Brexit a buyers market?Published 02/02/2017
Banish the Brexit Blues: Let’s be honest, the market went pretty quiet towards the end of 2016. Buyers put any plans they had on hold amidst all the political uncertainty. On a positive note I’m pleased to report that I’ve spoken to a number of clients who seem determined to make 2017 the year they finally realize their ambitions of buying their very own dream home abroad. The reasons for this are many and sometimes cumulative. As it stands, buyers have generally seen capital appreciation of their current UK homes so could be selling close to the top of the market or if they are pulling out equity they have quite a bit to play with, twinned with record low interest rates on any re-mortgage they take on. For those with savings, the same record low rates offer next to nothing in the way of growth and when you bear in mind inflation, currently at 1.6% that money is standing-still at best or probably reducing in real terms.
Of course, the behavior of the pound against other currencies has dented some people’s budgets - don’t over-react. As you know, I advise all buyers to speak to currency experts right at the start of their search to safeguard any drops in the pound but also to put you in a position to make the most of any movements upwards when good news comes around.
Now whilst these fluctuations will effect you're budget, it’s the same for all buyers from the U.K. and therefore it effects the market in which you buy. Agents and developers will be all too aware that British buyers have a little less money to spend and they’re also acutely aware that Brits form a huge (and in some cases the majority) part of the overseas buying population.
Just late last year I was involved in negotiations where, due to currency fluctuation, my buyer had less in Euros to offer on a property. I sat down with the developer and persuaded him that other UK buyers would have similar issues and he eventually reduced his sale price, which allowed us to meet him halfway and agree a deal.
In the current market most developers and owners would rather do a deal than hang on for top dollar and risk chasing the market down. Remember, no matter what you're told, you are a buyer, and as such you decide when to enter the market so with unencumbered cash and with the right legal advice you should be in control.
When there are challenges it's best to keep an open mind in terms of achieving the end result. I recently helped a lady buy a second home on Lanzarotte. She wanted sole use for her and her family whenever they fancied. However she hadn’t fixed her currency and so her budget in Euros had reduced. I gave her a simple choice – we look at apartments further away from the beach or consider places with a tourist licence, which she could rent out. Whilst initially reluctant, she soon saw the benefit of a property that could generate an income, which in just over two years could offset the extra cost of the apartment. She took a few extra thousand out of her pension pot, which will be replaced over the next few years by rental income and a deal was done. Flexibility is key. Another way around a reduced budget is to consider rental properties that have a number of bookings lined up in the diary then offer a delayed completion which gives them the income but reduces the asking price. This in turn lessens your exposure to purchasing currency.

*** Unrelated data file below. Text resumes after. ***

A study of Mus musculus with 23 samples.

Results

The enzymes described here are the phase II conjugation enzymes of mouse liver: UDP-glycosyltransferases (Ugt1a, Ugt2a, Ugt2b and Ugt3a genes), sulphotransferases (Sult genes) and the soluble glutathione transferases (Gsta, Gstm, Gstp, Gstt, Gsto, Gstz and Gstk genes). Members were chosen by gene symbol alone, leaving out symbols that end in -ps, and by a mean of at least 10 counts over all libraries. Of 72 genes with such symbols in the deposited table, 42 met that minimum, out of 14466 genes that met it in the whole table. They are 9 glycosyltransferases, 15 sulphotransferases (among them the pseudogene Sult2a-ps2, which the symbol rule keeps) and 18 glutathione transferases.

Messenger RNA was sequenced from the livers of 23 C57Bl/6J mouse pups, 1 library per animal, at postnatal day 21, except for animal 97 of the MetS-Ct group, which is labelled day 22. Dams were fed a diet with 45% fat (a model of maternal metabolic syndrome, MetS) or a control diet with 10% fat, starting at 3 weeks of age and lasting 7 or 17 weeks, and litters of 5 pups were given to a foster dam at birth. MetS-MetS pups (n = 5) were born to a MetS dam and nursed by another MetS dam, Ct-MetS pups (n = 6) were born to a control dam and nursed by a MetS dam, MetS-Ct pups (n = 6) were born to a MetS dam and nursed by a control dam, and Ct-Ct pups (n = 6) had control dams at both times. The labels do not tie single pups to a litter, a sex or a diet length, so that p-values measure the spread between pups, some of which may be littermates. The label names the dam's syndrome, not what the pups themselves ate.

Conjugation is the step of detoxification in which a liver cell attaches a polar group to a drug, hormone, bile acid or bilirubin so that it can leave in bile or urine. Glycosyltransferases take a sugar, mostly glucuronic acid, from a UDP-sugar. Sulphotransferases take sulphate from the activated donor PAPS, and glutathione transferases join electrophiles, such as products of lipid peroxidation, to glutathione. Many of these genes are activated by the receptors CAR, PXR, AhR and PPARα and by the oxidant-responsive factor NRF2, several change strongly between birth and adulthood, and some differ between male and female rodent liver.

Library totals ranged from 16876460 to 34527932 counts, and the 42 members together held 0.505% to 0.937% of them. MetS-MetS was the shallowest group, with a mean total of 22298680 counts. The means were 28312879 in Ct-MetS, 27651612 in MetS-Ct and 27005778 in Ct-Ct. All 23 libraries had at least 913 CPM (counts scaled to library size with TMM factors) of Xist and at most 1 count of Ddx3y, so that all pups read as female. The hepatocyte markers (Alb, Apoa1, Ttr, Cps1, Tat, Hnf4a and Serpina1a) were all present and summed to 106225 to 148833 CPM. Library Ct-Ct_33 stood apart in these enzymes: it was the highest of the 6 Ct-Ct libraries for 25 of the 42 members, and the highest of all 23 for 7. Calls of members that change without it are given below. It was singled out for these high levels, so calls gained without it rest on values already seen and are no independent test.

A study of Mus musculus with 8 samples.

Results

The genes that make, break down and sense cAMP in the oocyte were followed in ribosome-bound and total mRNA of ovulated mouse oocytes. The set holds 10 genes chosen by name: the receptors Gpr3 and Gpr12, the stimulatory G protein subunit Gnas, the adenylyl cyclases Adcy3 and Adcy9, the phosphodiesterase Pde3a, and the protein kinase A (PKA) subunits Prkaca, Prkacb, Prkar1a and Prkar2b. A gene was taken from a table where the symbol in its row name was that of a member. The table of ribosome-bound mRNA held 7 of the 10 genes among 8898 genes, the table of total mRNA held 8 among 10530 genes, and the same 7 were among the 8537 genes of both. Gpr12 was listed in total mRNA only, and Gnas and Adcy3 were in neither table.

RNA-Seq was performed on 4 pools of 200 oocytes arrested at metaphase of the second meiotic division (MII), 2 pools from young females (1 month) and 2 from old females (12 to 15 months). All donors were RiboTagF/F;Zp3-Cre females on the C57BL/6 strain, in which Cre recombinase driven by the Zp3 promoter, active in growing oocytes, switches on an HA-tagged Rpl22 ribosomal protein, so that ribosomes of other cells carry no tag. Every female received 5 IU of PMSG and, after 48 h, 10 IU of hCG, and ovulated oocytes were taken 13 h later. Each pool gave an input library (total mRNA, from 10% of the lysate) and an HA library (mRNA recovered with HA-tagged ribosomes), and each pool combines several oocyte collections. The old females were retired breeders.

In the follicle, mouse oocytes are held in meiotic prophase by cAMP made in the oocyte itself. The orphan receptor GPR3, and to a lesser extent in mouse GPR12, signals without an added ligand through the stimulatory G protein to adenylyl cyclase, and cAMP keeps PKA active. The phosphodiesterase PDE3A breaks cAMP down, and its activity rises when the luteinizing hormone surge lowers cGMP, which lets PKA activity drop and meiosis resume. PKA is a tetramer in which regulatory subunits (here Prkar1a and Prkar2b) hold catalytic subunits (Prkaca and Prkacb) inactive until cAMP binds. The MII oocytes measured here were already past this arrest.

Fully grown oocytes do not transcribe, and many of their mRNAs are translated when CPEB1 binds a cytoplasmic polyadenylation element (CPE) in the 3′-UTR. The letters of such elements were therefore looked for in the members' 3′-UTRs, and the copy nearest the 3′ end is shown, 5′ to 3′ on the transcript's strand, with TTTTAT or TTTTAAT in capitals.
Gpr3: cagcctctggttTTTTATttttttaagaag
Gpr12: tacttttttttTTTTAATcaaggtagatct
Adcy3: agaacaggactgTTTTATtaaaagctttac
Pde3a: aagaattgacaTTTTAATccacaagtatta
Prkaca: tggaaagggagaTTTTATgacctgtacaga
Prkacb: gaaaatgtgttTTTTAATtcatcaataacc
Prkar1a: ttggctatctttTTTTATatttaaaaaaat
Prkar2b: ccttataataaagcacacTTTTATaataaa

Of course us Brits have been buying overseas property for years and many have had their fun abroad and are now selling up and moving back to the UK. With a bit of luck there can be a way of circumnavigating currency issues completely by striking a deal in sterling or at least in part. It’s worth asking the question. Find out the nationality of the seller- if the property is in Spain for example but the seller is Swedish and needs to repatriate the sales proceeds to Swedish Krona then there might be a clever way of engineering a deal that would be more advantageous to both parties- here a currency broker and good lawyer are key.
At the end of the day there are always elements of uncertainty when buying any kind of property whether in the UK or overseas – it is an investment after all. Many might be tempted to use current conditions as an excuse to do nothing, which is a mistake. Remind yourself why you were looking to buy in the first place and take control. The key for any property purchase is to appreciate it’s long-term nature and build a strategy of purchase, ownership and potential exit with the help of independent experts who will help position you and also enable you to move comfortably forward in the purchase of your property.